Hidden away in the inheritance tax (IHT) regulations is a relief that can have a significant impact on the amount of IHT payable by estates which include business property.

What is business property?

It includes:

  • A business or interest in an unincorporated business, 100% relief available.
  • A holding of shares in an unquoted company, 100% relief available.
  • A controlling holding of shares in a quoted company (more than 50% of the voting rights), 50% relief available.
  • Land, buildings or plant and machinery used in a business of which the deceased was a partner at the date of death or used by a company controlled by the deceased, 50% relief available.
  • Land, buildings or plant and machinery held in a trust where the deceased had the right to benefit from the trust and the asset was used in a business carried on by the deceased, 50% relief available.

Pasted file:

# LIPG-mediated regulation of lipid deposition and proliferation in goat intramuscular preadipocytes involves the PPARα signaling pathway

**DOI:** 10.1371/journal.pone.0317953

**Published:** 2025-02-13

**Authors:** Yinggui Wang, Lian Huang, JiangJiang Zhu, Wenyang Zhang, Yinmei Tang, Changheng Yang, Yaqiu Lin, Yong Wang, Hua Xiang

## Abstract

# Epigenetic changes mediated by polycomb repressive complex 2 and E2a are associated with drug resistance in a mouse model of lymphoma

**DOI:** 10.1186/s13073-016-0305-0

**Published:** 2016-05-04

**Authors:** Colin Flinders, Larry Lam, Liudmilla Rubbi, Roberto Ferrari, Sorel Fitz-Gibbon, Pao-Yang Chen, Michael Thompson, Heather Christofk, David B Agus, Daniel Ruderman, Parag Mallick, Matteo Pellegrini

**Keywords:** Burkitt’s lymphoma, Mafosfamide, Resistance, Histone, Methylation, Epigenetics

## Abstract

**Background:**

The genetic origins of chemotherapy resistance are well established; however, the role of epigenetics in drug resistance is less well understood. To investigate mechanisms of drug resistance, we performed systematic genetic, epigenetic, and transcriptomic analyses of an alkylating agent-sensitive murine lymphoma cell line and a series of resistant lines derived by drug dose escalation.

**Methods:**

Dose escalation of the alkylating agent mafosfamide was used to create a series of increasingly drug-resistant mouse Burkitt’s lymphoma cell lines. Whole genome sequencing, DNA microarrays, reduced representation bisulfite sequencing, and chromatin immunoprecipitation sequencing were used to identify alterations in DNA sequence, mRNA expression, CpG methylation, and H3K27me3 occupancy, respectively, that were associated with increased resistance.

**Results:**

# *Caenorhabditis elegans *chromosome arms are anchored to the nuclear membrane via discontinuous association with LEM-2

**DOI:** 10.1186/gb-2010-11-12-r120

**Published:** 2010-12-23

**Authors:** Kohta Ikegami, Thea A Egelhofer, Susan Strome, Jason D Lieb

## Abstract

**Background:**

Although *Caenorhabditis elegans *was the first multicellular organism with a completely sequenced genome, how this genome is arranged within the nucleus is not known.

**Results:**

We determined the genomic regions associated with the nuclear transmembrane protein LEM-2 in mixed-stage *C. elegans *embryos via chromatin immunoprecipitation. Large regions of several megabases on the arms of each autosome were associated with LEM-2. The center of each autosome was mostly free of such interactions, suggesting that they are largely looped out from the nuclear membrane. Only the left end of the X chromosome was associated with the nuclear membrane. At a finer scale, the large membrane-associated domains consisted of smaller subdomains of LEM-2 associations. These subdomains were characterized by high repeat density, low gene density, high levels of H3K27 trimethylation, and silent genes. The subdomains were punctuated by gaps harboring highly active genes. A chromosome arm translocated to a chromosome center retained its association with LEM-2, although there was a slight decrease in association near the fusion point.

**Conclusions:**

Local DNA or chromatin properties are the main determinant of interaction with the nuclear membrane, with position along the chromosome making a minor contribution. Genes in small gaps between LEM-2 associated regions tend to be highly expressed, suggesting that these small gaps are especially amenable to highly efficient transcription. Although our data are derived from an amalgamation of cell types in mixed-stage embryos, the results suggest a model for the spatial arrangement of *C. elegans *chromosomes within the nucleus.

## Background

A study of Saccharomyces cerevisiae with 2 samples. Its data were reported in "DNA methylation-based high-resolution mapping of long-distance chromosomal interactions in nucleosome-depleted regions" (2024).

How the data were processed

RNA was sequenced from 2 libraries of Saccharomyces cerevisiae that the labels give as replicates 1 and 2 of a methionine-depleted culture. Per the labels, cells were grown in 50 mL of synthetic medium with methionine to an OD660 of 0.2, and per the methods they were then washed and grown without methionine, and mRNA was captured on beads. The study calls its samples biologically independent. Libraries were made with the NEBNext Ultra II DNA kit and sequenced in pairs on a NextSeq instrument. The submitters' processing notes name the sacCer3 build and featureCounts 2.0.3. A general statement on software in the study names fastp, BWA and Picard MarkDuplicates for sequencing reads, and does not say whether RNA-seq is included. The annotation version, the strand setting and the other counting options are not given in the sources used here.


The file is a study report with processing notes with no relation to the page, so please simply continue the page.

Businesses which are mainly “investment” businesses are excluded from the relief, but qualifying business assets can potentially make a significant difference to IHT payable. Consider the following example.

At the date of his death Alfred had assets of £1m in cash on deposit and shares in an unquoted trading company valued at £1m. The shares qualified as business assets. In his will he left the shares to his wife, who wanted to continue running the company and had her own cash assets. Alfred’s cash deposits were left to his daughter.

In this case the transfer of the shares from husband to wife was free of inheritance tax charge so business property relief was wasted. However, the £1m in cash left to his daughter would create an IHT bill of £270,000. (£1m less nil rate band £325,000 at 40%)

There is a quite legitimate way to restructure the Will and pay no IHT at all on Alfred’s death. As a direct result of the required estate planning, Alfred’s wife would obtain ownership of the shares and the daughter would have £1m in cash instead of £730,000 (£1m-£270,000 IHT).

Action point
The facts in this example have been somewhat simplified to demonstrate the importance of IHT planning. If you have business assets in your estate it might be an idea to review your will to ensure that maximum relief can be claimed. If you would like to know how the planning works in the above example and if it would have relevance to your estate planning, please call.